Mass Rhino Slaughter in South Africa Worries Conservationists

A white rhino mother and calf grazing.
A white rhino mother and calf grazing. (Image credit: <a href="http://www.shutterstock.com/gallery-697891p1.html">Tim_Booth</a> | <a href="http://www.shutterstock.com">Shutterstock</a>)

Already this year, 618 rhinos have been killed in South Africa, with three months left to go in the year. That represents a dramatic rise over years past: Last year 668 rhinos were killed in the country, up from just seven in 2007. South Africa is home to 18,000 white rhinos and 4,000 black rhinos, The Guardian reported.

The slaughters are driven by the demand for rhino horn in Asia, where the animals' horns are prized as status symbols or social currency in networking. Conservationists are hoping that anti-poaching efforts, such as the use of drones to catch culprits in the act, could help lessen the toll on wildlife.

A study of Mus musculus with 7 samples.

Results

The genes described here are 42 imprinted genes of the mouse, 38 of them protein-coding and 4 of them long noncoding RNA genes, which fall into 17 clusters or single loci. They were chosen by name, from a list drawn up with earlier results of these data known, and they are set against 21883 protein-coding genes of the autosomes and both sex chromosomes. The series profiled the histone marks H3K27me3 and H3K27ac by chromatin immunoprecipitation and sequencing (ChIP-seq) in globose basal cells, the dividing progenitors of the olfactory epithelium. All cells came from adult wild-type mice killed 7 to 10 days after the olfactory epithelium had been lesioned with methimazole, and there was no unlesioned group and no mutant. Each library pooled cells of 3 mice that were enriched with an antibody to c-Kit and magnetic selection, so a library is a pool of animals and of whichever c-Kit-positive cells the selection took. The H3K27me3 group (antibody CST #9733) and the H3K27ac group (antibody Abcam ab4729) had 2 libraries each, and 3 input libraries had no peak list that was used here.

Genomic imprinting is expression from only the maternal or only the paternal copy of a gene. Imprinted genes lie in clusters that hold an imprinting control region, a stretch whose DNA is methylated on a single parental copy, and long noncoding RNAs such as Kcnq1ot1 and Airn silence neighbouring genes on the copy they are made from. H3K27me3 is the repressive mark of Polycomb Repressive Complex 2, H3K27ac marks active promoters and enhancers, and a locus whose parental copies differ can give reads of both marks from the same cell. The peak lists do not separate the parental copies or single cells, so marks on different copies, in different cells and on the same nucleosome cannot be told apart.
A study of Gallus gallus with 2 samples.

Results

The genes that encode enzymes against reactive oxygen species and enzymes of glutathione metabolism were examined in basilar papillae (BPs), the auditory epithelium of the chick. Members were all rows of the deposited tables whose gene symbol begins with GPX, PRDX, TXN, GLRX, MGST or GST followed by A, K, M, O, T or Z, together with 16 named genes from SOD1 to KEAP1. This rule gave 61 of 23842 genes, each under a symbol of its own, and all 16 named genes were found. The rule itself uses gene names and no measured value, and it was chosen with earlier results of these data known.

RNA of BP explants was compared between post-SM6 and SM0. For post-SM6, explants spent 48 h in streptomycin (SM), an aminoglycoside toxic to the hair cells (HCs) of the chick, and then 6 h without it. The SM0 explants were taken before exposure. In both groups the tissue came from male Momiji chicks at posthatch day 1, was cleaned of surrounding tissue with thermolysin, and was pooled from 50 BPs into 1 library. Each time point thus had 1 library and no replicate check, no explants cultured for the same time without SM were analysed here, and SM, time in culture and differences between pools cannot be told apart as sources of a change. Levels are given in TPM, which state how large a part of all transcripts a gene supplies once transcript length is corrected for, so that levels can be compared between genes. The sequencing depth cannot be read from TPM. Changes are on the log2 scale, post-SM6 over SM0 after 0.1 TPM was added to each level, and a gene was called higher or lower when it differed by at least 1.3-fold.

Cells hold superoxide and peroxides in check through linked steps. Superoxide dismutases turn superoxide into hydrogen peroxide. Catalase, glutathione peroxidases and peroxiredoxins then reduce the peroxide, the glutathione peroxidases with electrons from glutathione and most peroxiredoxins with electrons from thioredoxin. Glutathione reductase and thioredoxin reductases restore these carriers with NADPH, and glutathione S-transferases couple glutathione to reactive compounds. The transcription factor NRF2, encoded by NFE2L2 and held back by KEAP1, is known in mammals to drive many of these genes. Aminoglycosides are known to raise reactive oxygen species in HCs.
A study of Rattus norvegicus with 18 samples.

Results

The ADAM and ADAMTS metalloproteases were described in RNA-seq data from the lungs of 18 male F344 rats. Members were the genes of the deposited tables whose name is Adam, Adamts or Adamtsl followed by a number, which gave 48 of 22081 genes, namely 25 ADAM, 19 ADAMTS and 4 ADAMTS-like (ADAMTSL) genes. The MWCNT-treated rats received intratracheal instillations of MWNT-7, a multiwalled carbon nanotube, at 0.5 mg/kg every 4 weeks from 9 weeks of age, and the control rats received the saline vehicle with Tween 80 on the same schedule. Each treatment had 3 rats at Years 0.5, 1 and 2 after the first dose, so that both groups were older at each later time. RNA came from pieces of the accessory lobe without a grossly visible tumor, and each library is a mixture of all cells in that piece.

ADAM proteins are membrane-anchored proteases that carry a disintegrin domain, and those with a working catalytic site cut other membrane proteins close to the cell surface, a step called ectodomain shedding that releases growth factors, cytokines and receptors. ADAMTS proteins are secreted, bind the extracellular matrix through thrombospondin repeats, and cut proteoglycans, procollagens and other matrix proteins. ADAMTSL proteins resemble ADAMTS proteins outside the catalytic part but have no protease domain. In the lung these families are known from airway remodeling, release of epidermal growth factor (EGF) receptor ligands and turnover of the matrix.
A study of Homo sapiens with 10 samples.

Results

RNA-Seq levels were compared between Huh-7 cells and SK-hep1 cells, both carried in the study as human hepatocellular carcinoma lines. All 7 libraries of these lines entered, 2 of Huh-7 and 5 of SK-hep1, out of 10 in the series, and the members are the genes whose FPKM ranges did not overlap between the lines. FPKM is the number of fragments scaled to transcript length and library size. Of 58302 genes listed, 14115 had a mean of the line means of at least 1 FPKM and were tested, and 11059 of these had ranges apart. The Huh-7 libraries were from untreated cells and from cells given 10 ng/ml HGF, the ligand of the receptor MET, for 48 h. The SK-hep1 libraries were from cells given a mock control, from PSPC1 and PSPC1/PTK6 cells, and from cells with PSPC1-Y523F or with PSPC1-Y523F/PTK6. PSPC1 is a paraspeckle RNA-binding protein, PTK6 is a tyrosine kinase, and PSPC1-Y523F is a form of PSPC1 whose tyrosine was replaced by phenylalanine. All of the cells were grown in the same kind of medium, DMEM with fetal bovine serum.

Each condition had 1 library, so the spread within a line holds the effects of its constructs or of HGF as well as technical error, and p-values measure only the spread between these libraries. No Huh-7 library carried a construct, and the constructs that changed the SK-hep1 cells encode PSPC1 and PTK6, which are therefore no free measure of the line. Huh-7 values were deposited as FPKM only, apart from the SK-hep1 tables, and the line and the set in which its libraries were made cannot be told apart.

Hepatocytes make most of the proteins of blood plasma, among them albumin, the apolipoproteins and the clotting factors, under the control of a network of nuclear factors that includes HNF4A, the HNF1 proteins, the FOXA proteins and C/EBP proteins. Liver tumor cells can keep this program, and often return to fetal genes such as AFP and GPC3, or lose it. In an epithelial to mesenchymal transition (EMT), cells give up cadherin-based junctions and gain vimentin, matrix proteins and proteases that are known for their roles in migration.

Tia is the assistant managing editor and was previously a senior writer for Live Science. Her work has appeared in Scientific American, Wired.com and other outlets. She holds a master's in bioengineering from the University of Washington, a graduate certificate in science writing from UC Santa Cruz and a bachelor's in mechanical engineering from the University of Texas at Austin. Tia was part of a team at the Milwaukee Journal Sentinel that published the Empty Cradles series on preterm births, which won multiple awards, including the 2012 Casey Medal for Meritorious Journalism.